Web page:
Allowing only CloudFlare through your Firewall


Using it seems like a solid choice for any HTTP(S) based projects you might have, and it’s safe to assume that so long as you don’t publish you real server address, then you’re safe. Right?

Well, no … between port scans, recycled ips, and ancillary services (like email), it’s not impossible that your server may get some inconsiderate calls to it’s home address, in spite of your best efforts at professional proxying.

Thankfully CloudFlare provides a list of origins you can use to limit HTTP(S) access in your firewall settings. What they don’t provide is a way to know when these origins change; for that you can setup a Latestver notification to alert you of any future updates.

Comma-separated list of origins

Use the following bash snippet to generate a comma-separated list of origins (for AWS/EC2)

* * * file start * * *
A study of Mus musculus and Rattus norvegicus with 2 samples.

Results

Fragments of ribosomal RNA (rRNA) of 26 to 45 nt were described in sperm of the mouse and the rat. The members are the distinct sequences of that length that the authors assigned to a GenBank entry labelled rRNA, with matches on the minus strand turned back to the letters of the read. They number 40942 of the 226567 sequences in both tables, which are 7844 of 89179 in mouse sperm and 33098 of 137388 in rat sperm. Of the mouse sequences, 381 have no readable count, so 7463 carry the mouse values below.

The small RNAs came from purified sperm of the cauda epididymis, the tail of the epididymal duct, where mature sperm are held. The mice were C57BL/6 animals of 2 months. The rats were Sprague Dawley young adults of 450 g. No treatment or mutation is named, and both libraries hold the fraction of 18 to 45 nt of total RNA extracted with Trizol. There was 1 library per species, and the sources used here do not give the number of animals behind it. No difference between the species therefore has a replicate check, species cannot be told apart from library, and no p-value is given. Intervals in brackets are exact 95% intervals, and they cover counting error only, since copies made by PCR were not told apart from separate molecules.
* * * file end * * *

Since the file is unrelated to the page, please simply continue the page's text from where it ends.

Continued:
#!/bin/bash
IPS=($(curl -fs https://www.cloudflare.com/ips-v4))
echo $(IFS=, ; echo "${IPS[*]}")

Alternatively you can change IFS=, to pick whatever delimiter your firewall requires.

AWS/EC2 firewall configuration

Here is the setup for EC2, but the technique will work with any firewall.

Create a new Security Group using the origins for HTTP and HTTPS rules

Apply the security group to your EC2 instances, and remove any existing HTTP(S) inbound rules.

Notifications of changes to the origin list

CloudFlare doesn’t provide an official mechanism for receiving updates to the origin list. However, the Latestver project tracks the contents of the official text files, producing a checksum and allowing notifications through IFTTT.

Latestver

  • Follow the Latestver Notification Guide to setup a notification for entry cloudflare:ips-v4
  • You can receive notifications to Slack, Email, or any IFTTT supported target.